This week I did something I’ve never done before. I bought a new cross necklace. I know this sounds trivial, and in some ways it is. However, I had worn the same cross for 35 years. It was a very subtle crucifix because the “Crucified God” image held a lot of power and hope for me. Then the chain broke while we were on vacation. And it made me think.
I could have fixed the chain as I have done before, or even purchased a new chain. Instead, I took a few days to think about what I wanted. The previous cross was bent, its cut-out (representing the body of Jesus) was hardly recognizable. Did this still have meaning for me?
Yes, I still find a lot of hope in the concept of the Crucified God. Though, these days, it isn’t so essential for me. I needed something that focused more on grounding, centering, and continued growth. The crucifix I had worn for decades was a reminder that there is life after death; there is hope and healing after pain and trauma. This is not the message I need now.
For a couple of days I searched for a cross that would remind me to ground myself in the Spirit so that I remember that the work I do is not mine alone. I eventually settled on a copper cross with tree branches embossed on it, made by an Etsy artist. Grounded and growing is what it says to me. This is a good message to carry into the next few decades.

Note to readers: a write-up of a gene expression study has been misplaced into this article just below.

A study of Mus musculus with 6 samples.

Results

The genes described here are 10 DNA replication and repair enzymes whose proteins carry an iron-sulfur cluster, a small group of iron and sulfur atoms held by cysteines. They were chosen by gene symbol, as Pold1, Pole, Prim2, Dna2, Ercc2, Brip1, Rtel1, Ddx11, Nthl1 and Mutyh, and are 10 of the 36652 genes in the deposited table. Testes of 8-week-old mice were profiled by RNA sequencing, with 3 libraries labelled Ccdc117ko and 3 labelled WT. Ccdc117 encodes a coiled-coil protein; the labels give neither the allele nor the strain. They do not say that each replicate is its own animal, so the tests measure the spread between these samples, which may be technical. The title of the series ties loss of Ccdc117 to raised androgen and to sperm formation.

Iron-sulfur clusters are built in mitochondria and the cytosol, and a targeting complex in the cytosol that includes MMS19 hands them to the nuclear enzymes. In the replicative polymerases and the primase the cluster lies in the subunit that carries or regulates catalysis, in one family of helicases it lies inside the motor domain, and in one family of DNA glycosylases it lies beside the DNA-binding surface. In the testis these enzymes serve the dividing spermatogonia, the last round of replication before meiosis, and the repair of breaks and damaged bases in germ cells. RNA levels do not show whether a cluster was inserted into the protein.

This experience of my broken necklace made me think about what I need now, rather than what I have done for years. It’s a good practice to check in now and then and ask ourselves what we need for this moment, especially when it comes to faith.
Have you thought about the symbols and images of your faith? Has your understanding of who God is changed over the years? Have you given yourself permission to embrace and explore those changes? It’s okay to let go of things you were taught when you were younger, especially if they keep you connected to a God who is too small for who you are in the world today.
Take a few minutes and think about who God is in your life. Maybe, you need to update your image of God as I did. Maybe not. Either way, this Easter season is an excellent time to ask yourself whether your understanding of God has grown as you have grown and changed. Perhaps it’s time for a new image.
If in your reflections you come up with questions about who God is, please put them in the comments below. We can talk about these things. They could also be excellent contributions for this summer’s sermon series!
As you ponder who God is for you now, may you experience the blessings of new life emerging all around us.